For the past few years, there's been little good TV news for the Mountain West Conference.
One bright spot got even brighter this week, however. Not only is DirecTV adding The mtn. to its lineup on Aug. 27, but it's not going to cost an arm and a leg.
An arm, maybe. But not an arm and a leg.
If you live in the MWC "footprint" the states of Utah, Colorado, Nevada and Wyoming and the San Diego and Dallas/Fort Worth television markets The mtn. will be part of DirecTV Choice, one of the satellite provider's most popular and cheapest programming packages.
If you're already a DirecTV customer, you're paying $52.99 a month for it; new subscribers will pay $29.99 a month for the first year. That's cheap, but it's certainly not an outrageous amount when you consider how much cable costs.
If you want to see every game involving the Cougars and the Utes this fall, it will cost you more because MWC games are on three different channels. You'll have to upgrade to Choice Extra (another $5 a month) to get Versus; you'll have to pay $12 a month for the Sportspack to get CBS College Sports and Fox Sports Net (which may telecast the BYU-Washington game).
And it may cost you more to get local channels, depending on what programming package you subscribe to. (Local channels like KJZZ, which may telecast Utah-Utah State and BYU-Utah State.)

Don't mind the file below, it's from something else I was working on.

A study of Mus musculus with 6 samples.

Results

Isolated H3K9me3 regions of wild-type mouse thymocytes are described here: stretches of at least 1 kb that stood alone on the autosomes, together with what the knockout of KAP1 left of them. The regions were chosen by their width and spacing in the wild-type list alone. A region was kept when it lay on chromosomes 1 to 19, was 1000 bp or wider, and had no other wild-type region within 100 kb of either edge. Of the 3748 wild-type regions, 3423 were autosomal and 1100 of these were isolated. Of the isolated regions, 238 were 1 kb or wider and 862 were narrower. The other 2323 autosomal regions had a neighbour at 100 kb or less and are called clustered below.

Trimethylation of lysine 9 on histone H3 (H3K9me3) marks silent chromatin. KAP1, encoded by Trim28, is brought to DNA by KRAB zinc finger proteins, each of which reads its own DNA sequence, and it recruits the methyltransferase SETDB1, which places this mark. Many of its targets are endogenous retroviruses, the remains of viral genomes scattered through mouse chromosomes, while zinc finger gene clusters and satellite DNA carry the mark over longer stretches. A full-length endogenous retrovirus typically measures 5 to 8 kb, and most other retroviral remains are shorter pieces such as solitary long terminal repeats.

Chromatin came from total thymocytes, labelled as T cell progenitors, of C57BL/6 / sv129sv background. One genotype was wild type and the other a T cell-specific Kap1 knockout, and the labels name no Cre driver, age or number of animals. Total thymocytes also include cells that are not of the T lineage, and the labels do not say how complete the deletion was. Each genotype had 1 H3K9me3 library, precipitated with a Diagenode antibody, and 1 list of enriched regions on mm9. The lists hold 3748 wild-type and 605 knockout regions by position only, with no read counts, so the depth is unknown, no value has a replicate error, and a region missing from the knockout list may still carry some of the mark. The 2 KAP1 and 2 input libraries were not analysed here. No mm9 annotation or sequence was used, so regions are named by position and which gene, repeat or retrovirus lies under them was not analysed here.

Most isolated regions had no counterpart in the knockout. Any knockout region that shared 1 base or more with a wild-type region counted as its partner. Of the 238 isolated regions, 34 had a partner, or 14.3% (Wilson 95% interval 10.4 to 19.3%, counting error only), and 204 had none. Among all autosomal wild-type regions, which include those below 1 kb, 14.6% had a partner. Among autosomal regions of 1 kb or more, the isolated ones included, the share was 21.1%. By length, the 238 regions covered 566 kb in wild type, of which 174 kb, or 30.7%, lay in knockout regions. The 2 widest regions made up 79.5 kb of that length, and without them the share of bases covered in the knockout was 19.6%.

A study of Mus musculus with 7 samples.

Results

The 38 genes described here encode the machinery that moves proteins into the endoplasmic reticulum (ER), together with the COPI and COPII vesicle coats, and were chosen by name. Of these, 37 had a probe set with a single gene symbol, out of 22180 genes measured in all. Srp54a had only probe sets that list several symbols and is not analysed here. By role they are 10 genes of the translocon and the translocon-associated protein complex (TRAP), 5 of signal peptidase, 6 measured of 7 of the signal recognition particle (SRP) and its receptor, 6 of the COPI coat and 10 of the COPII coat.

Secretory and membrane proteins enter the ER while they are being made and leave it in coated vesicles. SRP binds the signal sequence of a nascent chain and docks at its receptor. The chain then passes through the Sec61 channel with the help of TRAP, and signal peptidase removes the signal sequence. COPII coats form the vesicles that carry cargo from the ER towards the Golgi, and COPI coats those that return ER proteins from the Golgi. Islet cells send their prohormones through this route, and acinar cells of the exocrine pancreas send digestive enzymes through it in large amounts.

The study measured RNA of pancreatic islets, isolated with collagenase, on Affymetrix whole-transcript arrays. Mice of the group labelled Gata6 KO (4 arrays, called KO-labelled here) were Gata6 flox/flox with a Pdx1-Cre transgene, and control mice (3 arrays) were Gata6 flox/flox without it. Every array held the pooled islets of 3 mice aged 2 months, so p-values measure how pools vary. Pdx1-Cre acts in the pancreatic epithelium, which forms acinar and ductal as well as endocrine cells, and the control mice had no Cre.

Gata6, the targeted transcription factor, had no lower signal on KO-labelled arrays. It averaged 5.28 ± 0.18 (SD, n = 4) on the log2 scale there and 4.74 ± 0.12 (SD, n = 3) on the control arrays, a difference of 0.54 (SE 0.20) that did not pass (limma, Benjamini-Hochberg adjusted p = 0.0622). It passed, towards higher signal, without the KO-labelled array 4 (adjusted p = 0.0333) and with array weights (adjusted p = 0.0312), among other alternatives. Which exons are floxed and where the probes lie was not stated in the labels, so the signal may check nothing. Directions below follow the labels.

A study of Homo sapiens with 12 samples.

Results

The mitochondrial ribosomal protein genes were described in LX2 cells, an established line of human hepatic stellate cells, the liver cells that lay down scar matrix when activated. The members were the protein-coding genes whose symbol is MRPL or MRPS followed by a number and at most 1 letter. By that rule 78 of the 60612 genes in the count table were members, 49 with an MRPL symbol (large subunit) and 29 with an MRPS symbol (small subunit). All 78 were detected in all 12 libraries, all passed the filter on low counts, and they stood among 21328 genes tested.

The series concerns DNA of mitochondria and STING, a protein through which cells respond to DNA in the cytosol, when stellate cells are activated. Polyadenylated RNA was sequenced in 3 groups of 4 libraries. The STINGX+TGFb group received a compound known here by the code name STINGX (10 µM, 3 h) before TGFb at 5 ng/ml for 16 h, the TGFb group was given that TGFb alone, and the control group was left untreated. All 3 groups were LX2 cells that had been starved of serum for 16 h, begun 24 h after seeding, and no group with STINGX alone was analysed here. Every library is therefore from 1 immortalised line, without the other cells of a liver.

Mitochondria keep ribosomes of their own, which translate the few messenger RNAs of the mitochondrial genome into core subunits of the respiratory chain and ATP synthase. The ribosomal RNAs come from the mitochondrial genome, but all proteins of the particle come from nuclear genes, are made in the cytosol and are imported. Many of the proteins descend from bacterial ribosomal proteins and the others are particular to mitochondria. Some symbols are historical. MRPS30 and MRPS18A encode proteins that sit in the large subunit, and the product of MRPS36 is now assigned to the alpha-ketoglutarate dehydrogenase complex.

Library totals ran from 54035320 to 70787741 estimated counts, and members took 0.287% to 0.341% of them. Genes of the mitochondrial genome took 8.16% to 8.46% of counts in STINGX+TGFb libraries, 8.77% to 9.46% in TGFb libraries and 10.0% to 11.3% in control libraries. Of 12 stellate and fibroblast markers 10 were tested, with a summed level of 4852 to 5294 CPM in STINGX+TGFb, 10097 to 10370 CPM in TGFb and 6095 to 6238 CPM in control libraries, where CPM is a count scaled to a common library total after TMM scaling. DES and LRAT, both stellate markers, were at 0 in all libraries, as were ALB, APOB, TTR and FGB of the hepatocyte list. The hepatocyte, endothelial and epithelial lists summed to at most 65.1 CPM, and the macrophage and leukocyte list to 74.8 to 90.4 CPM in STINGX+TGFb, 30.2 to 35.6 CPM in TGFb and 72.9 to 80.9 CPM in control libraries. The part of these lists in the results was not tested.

Still, it's in the same ballpark as cable. And, most importantly, it wasn't placed at the top end of the tiers (in terms of cost).
As for those who live outside the MWC "footprint," they're going to have to subscribe to the Sportspack to get The mtn. But an extra $12 a month is pretty cheap, all things considered. Certainly cheaper than football and basketball season tickets.
Quite honestly, this DirecTV deal is an improvement for just about every fan of every MWC team in America ... except those who live in Utah. BYU fans, particularly, had it great for a long time, with KSL-Ch. 5 telecasting just about every football game not on ABC or ESPN and a lot of basketball games as well.
KJZZ-Ch. 14 had a lot of Utah games, plus the occasional BYU game (through ESPN's syndication package).
There was far less local television coverage for other Mountain West (and, before 1999, WAC) teams. And Ute and Cougar fans outside Utah saw their teams only on national telecasts or pay-per-view of regional telecasts.
The whole Mountain West Conference television deal remains a downgrade for fans here in Utah. For fans everywhere else, this is fantastic. Being able to see The mtn. (as well as Versus and CBS C) through DirecTV means a Ute fan in New York or a Cougar fan in Florida can see more games than they could possibly have dreamed of in the past.
And I don't want to hear any complaining from you about what this costs.As for those of us who live in Utah, we're going to complain. It's what we do. But it won't make any difference at all.
DON'T GET ME WRONG. I'm not suggesting that the DirecTV deal solves all of the MWC's exposure problems. If you believe that the limited exposure hurts member schools' recruiting, rankings and so on, this isn't going to help much.But getting on DirecTV and not having it cost subscribers more than it will is definitely an improvement.
DISH NETWORK SUBSCRIBERS still want to know when they'll get The mtn.
I don't know. Neither, apparently, does anybody else.
We're told they're still talking. And, honestly, it makes sense to keep those talks quiet and not negotiate in public.If (when?) The mtn. signs a deal with Dish, it will come as a bolt out of the blue. Unless, of course, San Diego State's athletic director blabs the news the day before the announcement.